Top SEIU official in California quits three posts
The Service Employees International Union’s highest-ranking California officer has resigned that position and two other leadership posts in the wake of an internal investigation of payments to her ex-boyfriend, it was announced Tuesday.
The SEIU said its inquiry found no wrongdoing by Annelle Grajeda, who was one of six executive vice presidents of the national union as well as the head of its California council and the local that represents Los Angeles County workers.
The union said Grajeda, who could not be reached for comment, had decided to become an assistant to the SEIU’s secretary-treasurer in Washington, D.C.
Grajeda had been on leave since August, when the union began examining whether she played a role in payments to Alejandro Stephens, a former president of the L.A. local.
The SEIU has said Stephens violated a severance agreement by remaining on the county payroll after he lost his union position. Two local members had filed an internal complaint that suggested Grajeda used her influence to help Stephens continue receiving a government paycheck, something she denied.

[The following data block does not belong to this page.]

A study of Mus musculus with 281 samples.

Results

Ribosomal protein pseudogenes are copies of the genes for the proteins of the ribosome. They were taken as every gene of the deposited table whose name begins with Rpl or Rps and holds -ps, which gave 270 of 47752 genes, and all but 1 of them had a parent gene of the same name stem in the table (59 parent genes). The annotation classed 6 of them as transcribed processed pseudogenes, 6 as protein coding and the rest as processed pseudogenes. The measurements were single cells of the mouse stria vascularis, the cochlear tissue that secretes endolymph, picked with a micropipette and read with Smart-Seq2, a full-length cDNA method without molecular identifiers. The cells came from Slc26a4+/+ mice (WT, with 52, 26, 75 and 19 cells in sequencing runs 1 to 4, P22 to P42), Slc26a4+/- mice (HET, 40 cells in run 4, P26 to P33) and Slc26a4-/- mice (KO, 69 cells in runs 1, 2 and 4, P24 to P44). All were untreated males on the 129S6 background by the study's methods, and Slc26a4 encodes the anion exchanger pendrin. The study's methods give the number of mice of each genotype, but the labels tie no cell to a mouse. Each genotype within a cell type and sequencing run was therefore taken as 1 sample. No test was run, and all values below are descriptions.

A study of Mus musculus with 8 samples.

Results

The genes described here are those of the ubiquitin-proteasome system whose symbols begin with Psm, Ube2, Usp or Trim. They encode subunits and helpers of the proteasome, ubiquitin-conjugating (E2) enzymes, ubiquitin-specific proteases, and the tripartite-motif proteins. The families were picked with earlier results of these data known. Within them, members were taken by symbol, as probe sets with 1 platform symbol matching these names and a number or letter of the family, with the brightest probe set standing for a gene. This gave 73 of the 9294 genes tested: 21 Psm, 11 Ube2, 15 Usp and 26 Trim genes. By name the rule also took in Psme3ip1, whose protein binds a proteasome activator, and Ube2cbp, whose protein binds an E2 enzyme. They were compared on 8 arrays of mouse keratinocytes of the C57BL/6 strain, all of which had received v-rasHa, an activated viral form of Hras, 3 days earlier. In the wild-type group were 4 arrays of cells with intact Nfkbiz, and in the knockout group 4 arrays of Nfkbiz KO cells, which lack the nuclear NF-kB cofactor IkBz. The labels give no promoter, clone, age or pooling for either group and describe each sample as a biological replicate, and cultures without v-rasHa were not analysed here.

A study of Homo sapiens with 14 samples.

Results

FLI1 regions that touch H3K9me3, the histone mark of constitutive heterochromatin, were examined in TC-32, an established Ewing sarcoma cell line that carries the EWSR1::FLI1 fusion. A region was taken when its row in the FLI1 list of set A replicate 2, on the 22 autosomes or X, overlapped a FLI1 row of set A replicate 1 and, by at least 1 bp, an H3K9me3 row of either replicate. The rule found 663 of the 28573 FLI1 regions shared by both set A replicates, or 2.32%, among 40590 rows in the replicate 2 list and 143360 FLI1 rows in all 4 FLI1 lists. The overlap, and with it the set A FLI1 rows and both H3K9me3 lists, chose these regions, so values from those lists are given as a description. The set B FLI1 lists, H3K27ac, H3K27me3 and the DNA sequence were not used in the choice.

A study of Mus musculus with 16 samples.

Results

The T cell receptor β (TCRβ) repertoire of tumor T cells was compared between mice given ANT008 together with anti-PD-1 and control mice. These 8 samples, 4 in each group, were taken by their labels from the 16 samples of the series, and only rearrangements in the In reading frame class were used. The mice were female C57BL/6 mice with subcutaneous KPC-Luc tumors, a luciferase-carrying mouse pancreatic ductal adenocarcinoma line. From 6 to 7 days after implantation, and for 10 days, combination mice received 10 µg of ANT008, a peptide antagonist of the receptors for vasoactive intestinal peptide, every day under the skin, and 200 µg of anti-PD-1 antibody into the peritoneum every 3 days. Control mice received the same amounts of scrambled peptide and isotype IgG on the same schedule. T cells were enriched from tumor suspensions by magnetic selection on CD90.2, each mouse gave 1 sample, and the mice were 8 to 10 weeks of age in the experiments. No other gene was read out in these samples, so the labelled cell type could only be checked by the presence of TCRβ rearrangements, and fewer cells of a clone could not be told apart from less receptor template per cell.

One of the members, Ron Tanner, a retired county worker, said he was disappointed that the union didn’t bar Grajeda from holding any future office. “I don’t particularly care for this,” he said. “I’d rather see her banned.”
SEIU spokeswoman Michelle Ringuette said the internal probe determined that Grajeda “never stood to benefit” from any money Stephens received. She said Grajeda opted to step down after “sitting and reflecting” on what she wanted to do next. “We’re absolutely supporting her decision,” Ringuette said.
She added that the union is still trying to recover severance payments from Stephens, who could not be reached. The county fired him for allegedly refusing to return to his job with the Department of Health Service after an eight-month paid leave arranged by Grajeda. The firing took effect in December, and he appealed. The status of his appeal could not be determined late Tuesday.
The 80,000-member Los Angeles local is one of several SEIU chapters that have been hit by spending scandals.